Ostrich Tactics

The long-running saga of the Boeing securities litigation is apparently coming to a close. In 2011, the district court granted the company’s motion to dismiss (on a motion for reconsideration) after it was determined that the key confidential witness denied being the source of the allegations attributed to him in the complaint, denied having worked for Boeing, and claimed to have never met plaintiffs’ counsel until his deposition.

The plaintiffs appealed this decision to the U.S. Court of Appeals for the Seventh Circuit. Not only did the Seventh Circuit affirm the dismissal, but it also strongly suggested that sanctions were appropriate in the case, noting that the “failure to inquire further [about the supposed evidence from the confidential witness] puts one in mind of ostrich tactics – of failing to inquire for fear that the inquiry might reveal stronger evidence of their scienter regarding the authenticity of the confidential source than the flimsy evidence of scienter they were able to marshal against Boeing.” The appellate court remanded the case to the district court to determine whether sanctions should be imposed.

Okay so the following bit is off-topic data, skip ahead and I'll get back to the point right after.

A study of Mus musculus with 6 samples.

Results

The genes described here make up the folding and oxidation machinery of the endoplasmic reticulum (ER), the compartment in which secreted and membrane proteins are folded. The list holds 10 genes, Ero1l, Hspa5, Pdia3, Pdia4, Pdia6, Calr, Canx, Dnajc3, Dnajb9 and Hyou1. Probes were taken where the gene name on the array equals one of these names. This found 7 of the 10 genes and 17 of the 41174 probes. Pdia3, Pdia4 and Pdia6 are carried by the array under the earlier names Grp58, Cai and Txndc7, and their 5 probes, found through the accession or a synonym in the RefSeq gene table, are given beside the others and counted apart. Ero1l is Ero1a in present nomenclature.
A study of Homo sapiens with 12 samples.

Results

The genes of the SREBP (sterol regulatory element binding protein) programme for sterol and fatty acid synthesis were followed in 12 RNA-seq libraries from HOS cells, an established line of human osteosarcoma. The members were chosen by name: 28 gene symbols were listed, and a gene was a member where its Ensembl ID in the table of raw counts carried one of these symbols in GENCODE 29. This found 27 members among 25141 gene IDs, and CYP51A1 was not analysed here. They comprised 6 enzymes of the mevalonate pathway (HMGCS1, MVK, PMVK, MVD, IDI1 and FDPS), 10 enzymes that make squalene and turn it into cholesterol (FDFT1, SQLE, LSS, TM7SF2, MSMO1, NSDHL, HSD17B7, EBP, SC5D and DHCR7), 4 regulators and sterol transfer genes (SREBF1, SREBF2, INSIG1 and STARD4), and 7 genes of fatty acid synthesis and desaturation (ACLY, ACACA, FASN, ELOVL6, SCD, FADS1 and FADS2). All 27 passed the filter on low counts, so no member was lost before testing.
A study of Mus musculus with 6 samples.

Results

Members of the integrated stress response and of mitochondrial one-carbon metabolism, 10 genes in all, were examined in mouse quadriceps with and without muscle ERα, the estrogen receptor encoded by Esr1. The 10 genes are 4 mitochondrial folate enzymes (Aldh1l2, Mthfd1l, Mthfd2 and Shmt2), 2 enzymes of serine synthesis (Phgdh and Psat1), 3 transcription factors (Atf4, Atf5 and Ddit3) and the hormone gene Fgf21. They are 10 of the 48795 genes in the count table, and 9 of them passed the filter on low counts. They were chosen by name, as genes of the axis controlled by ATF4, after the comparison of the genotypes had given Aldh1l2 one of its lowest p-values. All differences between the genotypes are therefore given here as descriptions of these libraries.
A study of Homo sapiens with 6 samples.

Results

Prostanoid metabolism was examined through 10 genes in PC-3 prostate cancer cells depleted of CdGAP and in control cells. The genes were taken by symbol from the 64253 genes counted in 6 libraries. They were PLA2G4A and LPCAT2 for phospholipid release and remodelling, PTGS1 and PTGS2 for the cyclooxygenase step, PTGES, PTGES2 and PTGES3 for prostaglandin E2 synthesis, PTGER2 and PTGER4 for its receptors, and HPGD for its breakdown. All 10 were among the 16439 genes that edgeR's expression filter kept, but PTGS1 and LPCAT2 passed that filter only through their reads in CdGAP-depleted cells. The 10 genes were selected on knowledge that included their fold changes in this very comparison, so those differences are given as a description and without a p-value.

In City of Livonia Employees’ Retirement System v. The Boeing Company, 2014 WL 4199136 (N.D. Ill. August 21, 2014), the district court examined the conduct at issue. First, the court found that the plaintiffs’ counsel should have interviewed the confidential witness before the filing of the initial complaint and that not doing so constituted “a failure to conduct a reasonable pre-filing investigation as required by the PSLRA.” Second, once the confidential witness had been interviewed by an investigator, the court concluded that it should have been clear to the plaintiffs’ counsel that it “did not have reasonable cause to trust the accuracy of the information obtained by the investigator because the investigator herself noted in her report that some of the information [the confidential witness] provided was unreliable.” Finally, even after the confidential witness told the investigator that “he no longer wished to cooperate with Plaintiffs,” the plaintiffs’ counsel filed a second amended complaint attributing key allegations to the confidential witness and “repeatedly made assurances to the court as to the truth of the allegations.” The court also noted that this was not the first time that the plaintiffs’ counsel had engaged in this type of misconduct. Under these circumstances, the court held that the imposition of sanctions was warranted.

Holding: Imposing Rule 11 sanctions and encouraging the parties to mediate and settle the issue of what constituted “reasonable attorneys’ fees and other expenses incurred in defending the lawsuit.”